Here’s the biting reality: Most people don’t really have the time to think about the roof over their heads. Yet, when water starts pouring through the ceiling, they scramble to look for a sturdy, not to mention appealing, roof to cover their house with. But when the time finally comes to choose one, people suddenly find themselves going around in circles because of the plethora of options available to them.

If you want to avoid the mini headache, there’s only one thing to do: research. And that is exactly what we are here for! With that, here are the common types of roofing materials to consider for your home:

1. Asphalt Shingle

If there’s one material that has stood the test of time, it’s these shingles. They have been around for more than 100 years. These shingles were initially made of rugs, but because this material could easily be combusted, and there weren’t a lot of fire departments around back then, manufacturers looked for a material that was more retardant against fire–asphalt.


As has been said, asphalt shingles are very fire retardant, which should give people some sense of security. Aside from that, they are also durable, cheap, and can be painted with a wide range of colors. Most importantly, asphalt shingles can survive extreme environmental conditions. Typically, they can hold up for up to 20 years, but with proper care and maintenance, their lifespan could double up to 40 years.


Asphalt shingles do not have a high tolerance for foot traffic. They are also not the best roof to use in places that usually experience high winds. The impact of hails and thunderstorms could easily damage or displace asphalt shingles.

2. Slate

What’s your definition of curb appeal? If it’s a combination of class, sophistication, and modernity, then going for a slate roof is certainly a good idea. Slate is a type of rock mostly found in areas with plenty of volcanic ash. It used to be a very expensive material. However, manufacturers found a way to make the processing of slate more economical.


Apart from its beautiful appearance, one major advantage of slate roofing is its long lifespan, which can last up to 100 years. Slate is also fire resistant, but perhaps what sets it apart from most roofing materials is its durability amidst natural disasters like heavy rainfalls, strong winds, and moderate hailstorms.


A slate roofing can take a long time to install. First, they are heavy. Second, they also do not have much resistance to foot traffic. Third, they can cost you some money. If you are willing to break the bank a little bit, then there’s no reason for you to cross a slate roof off your list.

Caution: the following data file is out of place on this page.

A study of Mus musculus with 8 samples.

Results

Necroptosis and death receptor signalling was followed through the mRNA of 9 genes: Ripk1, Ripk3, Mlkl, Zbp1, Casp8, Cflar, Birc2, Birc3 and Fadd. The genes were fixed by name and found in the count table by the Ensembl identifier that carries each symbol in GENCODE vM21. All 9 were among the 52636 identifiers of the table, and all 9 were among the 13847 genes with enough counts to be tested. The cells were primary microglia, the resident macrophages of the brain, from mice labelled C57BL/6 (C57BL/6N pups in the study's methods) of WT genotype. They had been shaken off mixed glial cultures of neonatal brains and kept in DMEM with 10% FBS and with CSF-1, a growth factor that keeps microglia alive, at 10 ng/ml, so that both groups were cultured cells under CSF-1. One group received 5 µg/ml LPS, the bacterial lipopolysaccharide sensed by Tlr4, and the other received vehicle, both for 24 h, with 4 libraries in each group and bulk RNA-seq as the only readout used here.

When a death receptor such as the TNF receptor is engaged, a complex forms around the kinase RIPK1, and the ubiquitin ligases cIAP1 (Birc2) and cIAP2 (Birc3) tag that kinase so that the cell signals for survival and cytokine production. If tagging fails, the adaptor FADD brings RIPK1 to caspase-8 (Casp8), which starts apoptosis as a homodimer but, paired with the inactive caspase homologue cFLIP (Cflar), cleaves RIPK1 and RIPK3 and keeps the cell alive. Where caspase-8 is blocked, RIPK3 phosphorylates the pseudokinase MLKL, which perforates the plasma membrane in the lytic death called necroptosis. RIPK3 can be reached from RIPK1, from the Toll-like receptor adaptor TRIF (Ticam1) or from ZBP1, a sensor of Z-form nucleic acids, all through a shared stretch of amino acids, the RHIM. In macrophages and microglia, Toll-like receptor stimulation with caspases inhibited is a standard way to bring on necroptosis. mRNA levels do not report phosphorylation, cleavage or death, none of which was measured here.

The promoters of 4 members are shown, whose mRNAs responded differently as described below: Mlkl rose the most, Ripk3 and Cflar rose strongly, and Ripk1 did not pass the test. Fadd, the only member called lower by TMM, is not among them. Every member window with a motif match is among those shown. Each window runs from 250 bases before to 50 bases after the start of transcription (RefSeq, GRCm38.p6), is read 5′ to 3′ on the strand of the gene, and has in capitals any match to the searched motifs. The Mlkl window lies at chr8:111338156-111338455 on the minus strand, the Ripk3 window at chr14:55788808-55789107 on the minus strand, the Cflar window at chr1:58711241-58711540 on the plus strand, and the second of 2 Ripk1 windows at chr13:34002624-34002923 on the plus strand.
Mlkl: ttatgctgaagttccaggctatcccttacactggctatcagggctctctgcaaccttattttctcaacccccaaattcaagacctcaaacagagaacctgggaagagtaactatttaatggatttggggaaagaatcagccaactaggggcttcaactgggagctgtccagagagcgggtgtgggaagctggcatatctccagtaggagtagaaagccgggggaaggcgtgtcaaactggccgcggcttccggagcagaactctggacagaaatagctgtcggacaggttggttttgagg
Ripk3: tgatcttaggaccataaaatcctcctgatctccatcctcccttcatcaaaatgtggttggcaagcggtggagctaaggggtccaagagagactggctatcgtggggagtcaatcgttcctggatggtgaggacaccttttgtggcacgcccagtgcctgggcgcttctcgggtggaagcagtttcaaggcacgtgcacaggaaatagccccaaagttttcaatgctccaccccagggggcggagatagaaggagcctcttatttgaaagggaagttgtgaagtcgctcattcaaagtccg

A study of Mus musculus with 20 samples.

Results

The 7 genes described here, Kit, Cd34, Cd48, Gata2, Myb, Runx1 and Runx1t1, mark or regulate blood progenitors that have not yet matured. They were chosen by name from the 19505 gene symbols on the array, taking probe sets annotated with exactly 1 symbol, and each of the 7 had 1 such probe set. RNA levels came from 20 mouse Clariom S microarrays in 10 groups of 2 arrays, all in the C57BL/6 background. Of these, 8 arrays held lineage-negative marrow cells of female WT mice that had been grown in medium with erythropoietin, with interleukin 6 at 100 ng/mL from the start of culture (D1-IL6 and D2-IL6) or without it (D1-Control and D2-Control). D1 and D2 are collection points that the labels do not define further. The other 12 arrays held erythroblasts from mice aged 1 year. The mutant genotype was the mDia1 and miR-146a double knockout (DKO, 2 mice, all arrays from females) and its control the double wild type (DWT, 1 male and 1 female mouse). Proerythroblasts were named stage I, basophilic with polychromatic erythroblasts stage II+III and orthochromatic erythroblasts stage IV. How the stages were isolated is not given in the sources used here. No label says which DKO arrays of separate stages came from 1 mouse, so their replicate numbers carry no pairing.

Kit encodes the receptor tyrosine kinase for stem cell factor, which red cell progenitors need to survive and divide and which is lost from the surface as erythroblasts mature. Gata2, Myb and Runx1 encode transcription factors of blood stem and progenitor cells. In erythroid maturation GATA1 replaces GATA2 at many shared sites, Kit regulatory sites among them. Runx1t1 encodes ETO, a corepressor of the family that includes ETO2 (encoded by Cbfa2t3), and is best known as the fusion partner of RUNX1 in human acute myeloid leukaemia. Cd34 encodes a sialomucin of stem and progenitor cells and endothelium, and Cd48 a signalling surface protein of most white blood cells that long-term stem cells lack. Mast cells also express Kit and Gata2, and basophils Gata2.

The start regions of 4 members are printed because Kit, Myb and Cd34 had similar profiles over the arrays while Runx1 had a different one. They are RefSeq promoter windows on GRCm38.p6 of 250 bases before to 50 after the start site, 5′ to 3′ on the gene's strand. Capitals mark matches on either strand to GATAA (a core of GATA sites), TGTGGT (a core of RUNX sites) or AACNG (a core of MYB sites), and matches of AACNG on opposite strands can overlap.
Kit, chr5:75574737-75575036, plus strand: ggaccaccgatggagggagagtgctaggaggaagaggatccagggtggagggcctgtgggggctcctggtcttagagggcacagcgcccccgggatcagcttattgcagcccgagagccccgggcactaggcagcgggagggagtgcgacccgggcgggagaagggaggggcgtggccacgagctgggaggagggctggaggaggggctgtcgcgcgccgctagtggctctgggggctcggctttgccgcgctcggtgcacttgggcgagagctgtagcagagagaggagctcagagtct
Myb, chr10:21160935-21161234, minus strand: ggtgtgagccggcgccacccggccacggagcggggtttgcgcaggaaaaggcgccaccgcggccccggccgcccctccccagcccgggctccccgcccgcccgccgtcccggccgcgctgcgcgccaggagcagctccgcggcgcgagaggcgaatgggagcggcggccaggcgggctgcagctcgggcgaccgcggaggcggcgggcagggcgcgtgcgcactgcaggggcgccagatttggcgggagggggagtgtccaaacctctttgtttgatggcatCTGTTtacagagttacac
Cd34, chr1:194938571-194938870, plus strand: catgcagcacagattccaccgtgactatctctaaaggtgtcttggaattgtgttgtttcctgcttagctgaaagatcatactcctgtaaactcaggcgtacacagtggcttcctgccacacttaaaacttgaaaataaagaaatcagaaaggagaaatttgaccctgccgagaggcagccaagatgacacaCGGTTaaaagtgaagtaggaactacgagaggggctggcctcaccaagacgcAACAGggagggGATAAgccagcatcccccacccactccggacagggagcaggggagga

3. Metal Roofing

Metal roofing installation services have long been a popular choice for commercial or industrial establishments. That said, installing a metal roof for a residential home is never off the table. As a matter of fact, homeowners these days are beginning to embrace metal as a practical material for their roofs.


Metal roofs are low maintenance and can survive up to 60 years. They are also easy to install because they are lightweight. There’s no need for homeowners to compensate for the curb appeal since metal roofs can be styled and designed in various ways. Most importantly, they do not pose hazardous and harrowing effects on the environment.


Although metal roofs have decent durability, they tend to be loud during a downpour. This is especially true if they do not have underlayment or insulation beneath them. Hailstorms can also be a problem because their impact can also create a dent on metal roofs.

4. Clay & Concrete Tiles

Elegant with the right touch of edgy–that is how most people describe clay and concrete tiles. They are commonly found on establishments with a Mediterenean, a Southwestern, or a Spanish look and feel. Nevertheless, they are very suitable for just about any lot–whether commercial or residential.


Clay and concrete are very strong and long-lasting materials. They can hold out against tornadoes and hurricanes. It is even said that they can withstand earthquakes. In addition, they remain durable in extreme temperatures.


Clay and concrete tiles can be weighty, making the installation a herculean process. They also require additional framing for support. Like asphalt shingles and slate, clay and concrete tiles are fragile against foot traffic. Homeowners should pay extra heed if they are planning to get up on a clay or a concrete roof and tread on it.

If you need help with what kind of roofing material to use or if you’re in the middle of a roof dilemma, our roofing contractor in Charlottesville, VA can help you come up with the right fix. Feel free to give us a call today to get your roofing system installation started as quickly as possible!